THE beginning of the breakup of the Soviet empire in Central Asia and the stationing of a massive American military force in the heart of the Gulf oilfields with the support of Moscow have reversed the assumptions on which the United States has based its security policy in South Asia for nearly 40 years. The culmination of this policy was our collaboration with Pakistan in stopping the Soviet advance in Afghanistan. Together we aimed to keep the USSR away from the Gulf and warn Moscow of the high costs of engaging military forces in the region. Obviously, these goals are now outdated.
The centerpiece of American security policy in South Asia has been the commitment to strengthen the military in Pakistan. Pakistan linked two of the pacts established in the 1950s to contain the USSR along its southern border. It was Pakistan's willingness to join these alliances that led us to arm its military and deny such aid to its rival, Afghanistan.
Since the late 1970s Pakistan took on yet greater importance, as reflected in Congress's bipartisan willingness to make it one of the top five recipients of US aid even under the martial-law regime of General Zia. The oil price rises after 1973 made the neighboring Gulf region even more strategic. Then in 1979 the US lost its major regional partner in Gulf security, the Shah of Iran, and saw the Soviet army pour into Afghanistan.
We needed Pakistan to stop what appeared to be Soviet advances toward Baluchistan, the Gulf, and perhaps ultimately into a destabilized Iran. Also, American planes used Pakistani bases for surveillance of the Arabian Sea, and vast storehouses to be filled with pre-positioned materiel were readied along the Baluchistan coast for use in a Gulf crisis.
The Gulf crisis has come, but our troops, planes, and ships are based directly in the area. These forces are working, not against Soviet troops based in Afghanistan, but with the support and assistance of the USSR.
Meanwhile, as our attention is engaged elsewhere, the Pakistani military is developing and carrying out a regional policy with the resources we have supplied. Just as the ending of Soviet domination in Europe has led to the reemergence of centuries-old regional affinities (and rivalries), so Soviet decline is reviving the memories of Asian empires past. The restive Central Asian lands - Turkestan - were more than once the homes of dynasties that united much of the area from Samarkind to Delhi. And, indeed, we might have reason to rejoice if the peoples of that region can reforge on their own terms the links that once bound them into a common, brilliant civilization.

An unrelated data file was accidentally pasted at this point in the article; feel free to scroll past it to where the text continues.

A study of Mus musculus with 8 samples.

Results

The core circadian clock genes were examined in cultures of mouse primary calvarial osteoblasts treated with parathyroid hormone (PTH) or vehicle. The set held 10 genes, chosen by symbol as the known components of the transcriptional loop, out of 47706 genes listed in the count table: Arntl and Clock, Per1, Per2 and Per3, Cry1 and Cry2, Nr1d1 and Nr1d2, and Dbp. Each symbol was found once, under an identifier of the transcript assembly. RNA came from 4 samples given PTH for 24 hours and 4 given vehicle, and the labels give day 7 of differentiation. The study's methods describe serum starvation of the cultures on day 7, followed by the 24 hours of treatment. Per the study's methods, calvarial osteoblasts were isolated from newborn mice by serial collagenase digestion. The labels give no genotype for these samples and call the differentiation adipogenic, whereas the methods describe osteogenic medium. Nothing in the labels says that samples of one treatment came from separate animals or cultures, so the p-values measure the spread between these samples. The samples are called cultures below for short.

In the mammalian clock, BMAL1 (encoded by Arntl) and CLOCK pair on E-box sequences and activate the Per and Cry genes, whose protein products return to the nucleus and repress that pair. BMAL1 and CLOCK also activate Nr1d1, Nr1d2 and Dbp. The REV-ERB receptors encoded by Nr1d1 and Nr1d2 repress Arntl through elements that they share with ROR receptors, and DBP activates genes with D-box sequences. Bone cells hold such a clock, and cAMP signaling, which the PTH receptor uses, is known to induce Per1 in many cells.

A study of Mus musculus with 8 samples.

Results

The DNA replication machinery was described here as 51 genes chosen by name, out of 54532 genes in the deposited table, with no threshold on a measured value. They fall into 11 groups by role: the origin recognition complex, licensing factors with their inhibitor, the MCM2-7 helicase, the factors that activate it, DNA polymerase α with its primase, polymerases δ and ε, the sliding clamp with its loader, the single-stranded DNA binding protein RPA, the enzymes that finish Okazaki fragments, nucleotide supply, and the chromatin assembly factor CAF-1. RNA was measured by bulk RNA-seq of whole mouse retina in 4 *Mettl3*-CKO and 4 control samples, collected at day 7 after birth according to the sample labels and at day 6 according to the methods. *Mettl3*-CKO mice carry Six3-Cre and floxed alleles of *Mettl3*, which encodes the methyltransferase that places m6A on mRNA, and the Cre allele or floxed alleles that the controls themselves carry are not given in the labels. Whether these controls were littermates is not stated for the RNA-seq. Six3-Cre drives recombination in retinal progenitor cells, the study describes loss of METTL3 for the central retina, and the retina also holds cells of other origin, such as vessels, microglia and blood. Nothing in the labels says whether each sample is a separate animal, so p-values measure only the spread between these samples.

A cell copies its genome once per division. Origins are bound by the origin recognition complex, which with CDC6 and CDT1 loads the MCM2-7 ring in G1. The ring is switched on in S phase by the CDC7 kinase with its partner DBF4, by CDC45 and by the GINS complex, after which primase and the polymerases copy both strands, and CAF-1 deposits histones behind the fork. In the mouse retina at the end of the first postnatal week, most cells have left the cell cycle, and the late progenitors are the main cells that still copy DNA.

The Pakistani military, however, has its own plan for the future, one which hardly reflects the aspirations of the peoples of the area. The Pakistanis who distributed our aid to the Afghan resistance largely used it to build up an extremist organization closely linked to their intelligence agencies, the Hezb-e-Islami of Gulbuddin Hekmatyar. Since the Soviet withdrawal they have become even more brazen in their attempts to manipulate the Afghans into replacing the Soviet-supported regime of Najibullah with one dominated by Hekmatyar. Rebuffed by most of the resistance groups, they are still using our aid to push the mujahideen to attack Kabul, regardless of the cost in civilian lives, in order to place their clients on the borders of Turkestan.
In Kashmir as well, the Pakistani military is using the uprising against India to promote its hegemonic aspirations. Rather than support the Jammu-Kashmir Liberation Front, an indigenous group calling for ethnic autonomy, Pakistan has built up the Hezb-ul-Mujahedeen, a twin of Gulbuddin's party, which supports Kashmir's accession to a fundamentalist Pakistan.
Finally, the generals have sabotaged the flawed beginnings of democracy in their own country. This is not the whole story of the ouster of Benazir Bhutto, but it is the essential part.
The overriding goals of American policy should now be to see that the decentralization or dissolution of the USSR occurs with the least possible violence, and that the subsequent regional system of states be organized on a stable basis, reflecting the real interests of the peoples of the region.
We should encourage not only the USSR, but also other multiethnic countries like India, Pakistan, and Afghanistan to meet unrest or separatism not with repression but with decentralization and participation. A good place to start is disengagement from Pakistan's overreaching military machine.